Microsoft officials updated the company’s Windows Server roadmap and made the changes public on Monday, in the name of maintaining “transparency” on behalf of customers.

In May, Microsoft officials said to expect R2 to include bug fixes for Windows Server 2003, as well as some of the 12 to 15 Windows Server “feature packs” that the company has rolled out since Windows Server 2003 shipped in April 2003. These feature packs include Active Directory Application Mode, SharePoint Services, Windows Update Services. Officials also said at that time that R2 would include full Network Access Protection and “Anywhere Access” capabilities, the latter of which was expected to draw on Microsoft’s next-generation Terminal Server features.

But now Microsoft has decided to push the Network Access Protection security capabilities it into Windows Server “Longhorn,” the Windows Server release due in 2007.

“Delivering Network Access Protection in R2 would have forced too many changes at a low level,” said Samm DiStasio, a group product manager with Microsoft’s Windows Server division, in explaining the company’s decision to postpone the feature until Longhorn Server.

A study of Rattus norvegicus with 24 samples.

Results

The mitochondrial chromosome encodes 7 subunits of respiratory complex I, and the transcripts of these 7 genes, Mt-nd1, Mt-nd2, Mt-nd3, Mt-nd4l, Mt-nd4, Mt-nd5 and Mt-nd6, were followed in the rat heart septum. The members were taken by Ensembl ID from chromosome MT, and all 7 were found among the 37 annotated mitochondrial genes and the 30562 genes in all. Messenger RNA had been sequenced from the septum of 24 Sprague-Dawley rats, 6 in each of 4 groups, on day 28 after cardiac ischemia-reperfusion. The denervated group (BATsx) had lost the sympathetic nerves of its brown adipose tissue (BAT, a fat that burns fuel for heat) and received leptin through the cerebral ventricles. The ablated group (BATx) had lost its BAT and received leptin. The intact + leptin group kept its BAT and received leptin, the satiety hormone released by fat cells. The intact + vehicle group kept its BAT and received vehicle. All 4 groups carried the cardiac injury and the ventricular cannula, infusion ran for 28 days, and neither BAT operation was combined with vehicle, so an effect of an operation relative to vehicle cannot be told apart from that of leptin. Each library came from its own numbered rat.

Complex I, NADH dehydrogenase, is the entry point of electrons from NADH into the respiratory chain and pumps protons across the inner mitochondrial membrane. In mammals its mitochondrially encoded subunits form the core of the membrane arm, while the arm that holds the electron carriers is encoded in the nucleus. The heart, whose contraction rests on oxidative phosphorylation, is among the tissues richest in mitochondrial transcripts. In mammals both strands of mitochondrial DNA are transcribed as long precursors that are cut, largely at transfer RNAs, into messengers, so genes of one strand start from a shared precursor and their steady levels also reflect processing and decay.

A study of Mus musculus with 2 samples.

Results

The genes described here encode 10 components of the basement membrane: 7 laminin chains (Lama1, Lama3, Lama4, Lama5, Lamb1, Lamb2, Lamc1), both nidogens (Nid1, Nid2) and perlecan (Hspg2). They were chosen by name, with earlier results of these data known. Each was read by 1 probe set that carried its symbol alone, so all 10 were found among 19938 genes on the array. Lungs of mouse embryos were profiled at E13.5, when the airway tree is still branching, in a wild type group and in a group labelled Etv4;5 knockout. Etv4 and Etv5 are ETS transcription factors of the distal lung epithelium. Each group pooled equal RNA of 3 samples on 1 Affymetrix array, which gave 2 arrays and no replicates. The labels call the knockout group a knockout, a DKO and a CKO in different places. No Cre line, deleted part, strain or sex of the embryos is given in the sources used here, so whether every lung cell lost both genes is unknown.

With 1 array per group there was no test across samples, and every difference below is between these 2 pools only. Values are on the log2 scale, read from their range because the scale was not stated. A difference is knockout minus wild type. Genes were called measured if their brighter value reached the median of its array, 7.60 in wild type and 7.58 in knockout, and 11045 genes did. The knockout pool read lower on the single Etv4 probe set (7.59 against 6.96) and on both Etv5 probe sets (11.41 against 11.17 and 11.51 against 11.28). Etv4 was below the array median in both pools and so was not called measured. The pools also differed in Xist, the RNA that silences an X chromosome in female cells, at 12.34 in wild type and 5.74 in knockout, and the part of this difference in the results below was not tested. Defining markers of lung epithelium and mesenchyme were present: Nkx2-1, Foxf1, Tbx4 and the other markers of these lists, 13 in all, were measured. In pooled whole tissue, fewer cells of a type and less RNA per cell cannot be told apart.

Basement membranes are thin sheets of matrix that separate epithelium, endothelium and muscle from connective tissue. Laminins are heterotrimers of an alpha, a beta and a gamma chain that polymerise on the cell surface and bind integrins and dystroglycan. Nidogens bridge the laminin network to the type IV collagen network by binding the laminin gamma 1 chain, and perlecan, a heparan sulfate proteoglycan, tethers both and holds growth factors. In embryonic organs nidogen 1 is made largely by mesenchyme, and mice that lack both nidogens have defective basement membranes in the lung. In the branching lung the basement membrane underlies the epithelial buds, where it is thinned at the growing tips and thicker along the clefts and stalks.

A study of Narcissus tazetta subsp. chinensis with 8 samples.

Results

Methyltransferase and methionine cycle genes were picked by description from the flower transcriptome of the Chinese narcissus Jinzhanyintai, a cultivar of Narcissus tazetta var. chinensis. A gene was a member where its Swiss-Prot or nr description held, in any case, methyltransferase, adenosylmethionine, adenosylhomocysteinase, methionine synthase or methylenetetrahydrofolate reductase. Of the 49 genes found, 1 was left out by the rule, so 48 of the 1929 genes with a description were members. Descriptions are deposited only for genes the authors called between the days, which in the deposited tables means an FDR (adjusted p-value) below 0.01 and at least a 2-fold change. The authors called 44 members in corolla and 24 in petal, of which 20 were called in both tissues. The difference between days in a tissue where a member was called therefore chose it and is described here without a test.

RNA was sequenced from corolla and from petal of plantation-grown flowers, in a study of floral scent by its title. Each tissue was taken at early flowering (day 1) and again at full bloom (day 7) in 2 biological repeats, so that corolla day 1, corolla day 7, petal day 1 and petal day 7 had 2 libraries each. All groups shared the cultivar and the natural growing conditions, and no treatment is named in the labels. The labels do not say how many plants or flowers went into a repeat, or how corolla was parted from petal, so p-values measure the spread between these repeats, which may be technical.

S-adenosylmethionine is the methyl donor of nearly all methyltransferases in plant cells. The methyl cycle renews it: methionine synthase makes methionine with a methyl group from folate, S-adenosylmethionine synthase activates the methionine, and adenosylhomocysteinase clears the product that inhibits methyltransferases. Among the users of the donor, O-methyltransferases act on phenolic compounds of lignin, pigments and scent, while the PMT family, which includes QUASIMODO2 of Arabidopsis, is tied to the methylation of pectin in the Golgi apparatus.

At the same time, the Redmond software vendor has decided to cut any new Terminal Server updates from R2 and push them into the 2007 timeframe, executives confirmed. There was talk earlier this year that Microsoft had opted to axe Terminal Server “Bear Paw” features from R2, but the company would not confirm this decision publicly until now.

DiStasio denied rumors that Windows Server R2 was slipping into 2006. He said that Microsoft is still on target to deliver R2 in 2005, and said the second half of next year is the latest ship target. The company has yet to ship an R2 beta release to testers, DiStasio acknowledged, but said that one should be ready to go “relatively quickly.”

To read the full article at Microsoft Watch, click here.